The Northern Kentucky University College of Health Professions is set to add two new bachelor degree programs this year that will replace existing associate degrees.
A new Bachelor of Science in Radiologic Science is designed to educate and prepare students for work in diagnostic radiography, which is an imaging modality that employs radiation to produce images of the body’s tissues, organs, bones and vessels. The program will integrate classroom instruction, lab work and clinical education at affiliating local hospitals and orthopedic offices.
The B.S. in Radiologic Science, which begins this summer, will require 122 credit hours, with 62 earned in core courses and 15 earned in guided electives. Elective categories will include advanced practica in CT, MRI, orthopedics and pediatrics; healthcare education; healthcare management and leadership; gerontology; and advanced pathology.
The program replaces an associate degree in radiologic science. “Although health care involves teamwork between the various disciplines, it has been challenging to incorporate interdisciplinary work into the short but intensive associate degree curriculum,” said Diane Gronefeld, director of the NKU radiologic technology program. “The BSRS curriculum allows for the inclusion of interprofessional courses, which promote the team concept in health care as mandated for quality and patient safety in health care centers of excellence.”
The university will also add a Bachelor of Science in Respiratory Care this fall. This program was developed to educate individuals who will function as entry-level advanced respiratory therapists in acute care, sub-care and home care environments. Graduates of the program will be expected to safely and effectively collect and interpret clinical data, use respiratory care equipment and perform clinical procedures. The program will also provide expanded clinical skills that reflect the needs of the community, such as disease-specific case managers, clinical specialists and researchers.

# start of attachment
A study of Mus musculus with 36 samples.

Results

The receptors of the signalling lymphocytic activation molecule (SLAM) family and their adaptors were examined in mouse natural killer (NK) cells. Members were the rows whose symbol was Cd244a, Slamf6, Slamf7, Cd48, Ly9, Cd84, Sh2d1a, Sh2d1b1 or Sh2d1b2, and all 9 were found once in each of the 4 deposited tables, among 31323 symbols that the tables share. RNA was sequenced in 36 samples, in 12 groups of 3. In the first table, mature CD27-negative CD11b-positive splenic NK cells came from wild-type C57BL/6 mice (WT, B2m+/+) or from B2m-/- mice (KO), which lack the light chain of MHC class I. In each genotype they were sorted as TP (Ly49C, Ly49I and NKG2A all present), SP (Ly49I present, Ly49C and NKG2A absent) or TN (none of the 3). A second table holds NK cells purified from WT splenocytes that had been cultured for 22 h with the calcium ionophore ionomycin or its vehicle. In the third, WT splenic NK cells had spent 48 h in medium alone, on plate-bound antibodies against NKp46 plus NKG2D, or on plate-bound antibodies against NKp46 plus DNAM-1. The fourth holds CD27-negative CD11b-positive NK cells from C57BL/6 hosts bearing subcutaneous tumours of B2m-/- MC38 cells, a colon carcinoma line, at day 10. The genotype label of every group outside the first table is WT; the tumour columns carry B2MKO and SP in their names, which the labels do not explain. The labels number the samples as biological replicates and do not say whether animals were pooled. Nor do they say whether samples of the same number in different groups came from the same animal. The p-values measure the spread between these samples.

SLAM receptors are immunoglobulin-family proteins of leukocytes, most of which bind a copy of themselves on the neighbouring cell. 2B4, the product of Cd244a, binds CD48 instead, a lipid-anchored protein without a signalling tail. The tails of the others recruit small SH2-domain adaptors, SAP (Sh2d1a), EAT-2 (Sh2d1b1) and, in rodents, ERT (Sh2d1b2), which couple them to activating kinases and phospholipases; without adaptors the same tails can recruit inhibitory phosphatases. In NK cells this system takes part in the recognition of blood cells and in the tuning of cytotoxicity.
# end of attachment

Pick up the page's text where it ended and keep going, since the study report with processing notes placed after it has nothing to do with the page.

“The new respiratory care program enhances the NKU College of Health Professions’ mission to promote an innovative environment to facilitate excellence in academics, engagement, practice, and lifelong learning within a global context to promote health,” said Debra Kasel, director of the NKU respiratory therapy program.
The B.S. in Respiratory Care will enroll a new cohort of 20 students each fall. It will require 120 credit hours, including 85 in core courses and 15 in guided electives.
Both programs will be the only baccalaureate programs of their kind in Greater Cincinnati or Kentucky. While several institutions offer associate programs or bachelor completion programs, none offers a pure bachelor’s degree program in radiologic science or in respiratory care therapy.
Both programs will feature a selective admissions process, with applications due on Feb. 15 each year. Applications are currently being accepted. The NKU Board of Regents approved both programs at its January meeting. Both still require final approval from the Kentucky Council on Postsecondary Education, which is expected next month.